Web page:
In his climb up the coaching ladder, Kill has left a wake of admirers

Kill has historically left his schools much better than he found them.
December 07, 2010

The Jerry Kill hire angered Gophers football fans expecting a bigger name, and perplexed Northern Illinois fans and players still trying to get over an upset loss to Miami-Ohio in the MAC Championship.
Both sides have a fair point. However, it’s not the first time Kill has ditched a school for the next rung on the ladder, and he left all of his previous stops in better shape than he found them. If that pattern continues, it bodes well for the Gophers and Huskies alike.
At Kill’s previous four head coaching positions, his teams’ records improved by an average of 4 3/4 wins between his first and final seasons.
At Southern Illinois, where Kill coached from 2001-2007, the team he inherited his first year went 1-10. Six years later he capped off his Salukis career with a 12-2 record.
Though fans at Northern Illinois, where Kill coached from 2008-2010, are still reeling over his unexpected departure — he won’t coach the team in the Humanitarian Bowl on Dec. 18 — there isn’t much bitterness in his wake of former programs.
“You could argue that Kill was at the helm for the best stretch in Saluki history,” said Mike Reis, the Salukis play-by-play radio announcer of 32 years. “I would say it’s not a stretch to say that he saved Southern Illinois football. I don’t think Southern has a program right now if he doesn’t win the league beginning in 2003.”
Under Kill, Southern Illinois won the Missouri Valley Football Conference three straight years, from 2003 to 2005.
Reis said if Kill hadn’t resurrected the school’s football program, it would not have had the support needed to build Saluki stadium, the team’s brand new, 15,000-seat stadium that replaced 73-year-old McAndrew Field.
“He’s the most popular football coach that I’ve seen at Southern,” Reis said. “It’s almost like a Pied Piper effect because he raised the level here.”
Kill’s three-year tenure at Northern Illinois showed his success at Southern Illinois was no fluke.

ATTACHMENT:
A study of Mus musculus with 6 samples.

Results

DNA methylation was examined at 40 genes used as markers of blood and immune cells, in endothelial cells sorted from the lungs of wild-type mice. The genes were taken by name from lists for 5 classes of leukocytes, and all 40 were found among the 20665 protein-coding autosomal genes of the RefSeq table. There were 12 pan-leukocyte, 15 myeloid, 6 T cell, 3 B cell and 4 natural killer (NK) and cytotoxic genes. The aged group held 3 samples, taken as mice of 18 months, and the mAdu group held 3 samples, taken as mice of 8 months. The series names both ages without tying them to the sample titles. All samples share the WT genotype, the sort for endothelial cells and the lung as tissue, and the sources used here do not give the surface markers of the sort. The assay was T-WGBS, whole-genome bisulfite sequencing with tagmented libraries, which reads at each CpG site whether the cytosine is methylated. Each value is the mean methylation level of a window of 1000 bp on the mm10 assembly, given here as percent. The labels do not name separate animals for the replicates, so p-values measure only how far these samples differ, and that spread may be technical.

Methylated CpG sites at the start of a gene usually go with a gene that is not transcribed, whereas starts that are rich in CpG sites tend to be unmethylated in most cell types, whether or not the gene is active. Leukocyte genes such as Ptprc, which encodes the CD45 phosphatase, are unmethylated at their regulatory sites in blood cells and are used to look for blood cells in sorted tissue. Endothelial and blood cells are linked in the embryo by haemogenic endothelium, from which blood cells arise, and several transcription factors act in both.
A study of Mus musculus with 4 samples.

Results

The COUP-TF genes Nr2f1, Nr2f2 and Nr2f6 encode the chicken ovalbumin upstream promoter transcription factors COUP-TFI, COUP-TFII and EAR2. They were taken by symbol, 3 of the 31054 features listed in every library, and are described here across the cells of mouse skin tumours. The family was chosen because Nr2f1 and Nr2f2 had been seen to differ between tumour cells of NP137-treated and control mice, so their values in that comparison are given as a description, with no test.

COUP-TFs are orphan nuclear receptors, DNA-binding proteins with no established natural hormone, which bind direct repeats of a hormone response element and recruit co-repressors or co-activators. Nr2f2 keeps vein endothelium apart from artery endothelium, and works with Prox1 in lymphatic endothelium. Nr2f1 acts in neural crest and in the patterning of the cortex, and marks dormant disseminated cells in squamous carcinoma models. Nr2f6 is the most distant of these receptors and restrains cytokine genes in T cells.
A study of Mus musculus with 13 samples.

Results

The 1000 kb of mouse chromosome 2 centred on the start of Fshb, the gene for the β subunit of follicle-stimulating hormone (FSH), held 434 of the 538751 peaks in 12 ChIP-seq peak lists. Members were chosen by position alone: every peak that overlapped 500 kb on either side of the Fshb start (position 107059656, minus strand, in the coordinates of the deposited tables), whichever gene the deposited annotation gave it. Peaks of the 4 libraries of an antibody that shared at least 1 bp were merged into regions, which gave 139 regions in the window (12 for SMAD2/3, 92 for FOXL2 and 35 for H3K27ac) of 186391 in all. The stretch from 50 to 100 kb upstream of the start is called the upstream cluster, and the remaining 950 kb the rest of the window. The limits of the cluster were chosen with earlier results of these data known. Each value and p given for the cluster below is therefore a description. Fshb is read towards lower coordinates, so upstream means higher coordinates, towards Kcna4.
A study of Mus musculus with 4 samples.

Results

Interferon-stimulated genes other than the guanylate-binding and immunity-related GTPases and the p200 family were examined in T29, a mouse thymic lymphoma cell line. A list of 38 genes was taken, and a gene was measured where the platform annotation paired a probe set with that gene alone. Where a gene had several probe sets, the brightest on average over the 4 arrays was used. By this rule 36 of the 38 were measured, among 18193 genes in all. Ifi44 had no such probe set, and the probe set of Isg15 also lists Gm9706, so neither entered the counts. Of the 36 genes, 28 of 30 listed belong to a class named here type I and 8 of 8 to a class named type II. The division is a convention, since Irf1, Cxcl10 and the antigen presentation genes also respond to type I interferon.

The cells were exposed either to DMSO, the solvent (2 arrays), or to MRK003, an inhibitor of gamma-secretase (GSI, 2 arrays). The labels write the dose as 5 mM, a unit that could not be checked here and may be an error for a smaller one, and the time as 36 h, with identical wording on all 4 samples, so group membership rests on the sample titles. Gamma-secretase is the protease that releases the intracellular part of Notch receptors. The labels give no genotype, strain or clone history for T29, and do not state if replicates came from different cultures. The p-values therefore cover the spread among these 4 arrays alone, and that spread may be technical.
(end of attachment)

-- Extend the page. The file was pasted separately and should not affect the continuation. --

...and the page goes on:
As the Huskies’ coach, he went 6-7, 7-6 and 10-3 respectively, earning bowl appearances each year.
Even Kent Weiser, athletics director at Emporia State University where Kill had his shortest and least successful tenure as a college coach, called Kill a friend and spoke of his integrity, lack of pretention and ability to win.
“People know that [Kill] is not a self-serving person,” Weiser said. “When he works for you and with you he is doing his best and [he] never really works a job with an eye to get another job. I think those opportunities have come his way and not because he’s tried to parlay one into the other.”
Kill spent two seasons at Emporia State, going 11-11 overall (5-6, then 6-5) before leaving to take the head coaching job at Southern Illinois.
Kill’s track record demonstrates an ability to coach and make the most out of the talent he has. The question now is whether he can change a culture and resurrect a program for a third straight time, and on the biggest stage yet of his career.
Kill’s college roommate and teammate Gerald Young, currently the athletics director at Carleton College, said Kill has always performed beyond expectations.
“He was a very tenacious little linebacker,” Young said of the physically unimposing Kill. Young said Kill was able to play beyond his size because of his intensity and scrupulous attention to detail, to which he credits Kill’s success as a coach.
As for the skeptical Gophers fans who say Kill isn’t a big enough name to resurrect the program, Young echoed the sentiments of the athletics department.
“They have every right to be skeptical,” Young said. “Jerry is not a big-name coach, but Jerry is a successful coach.”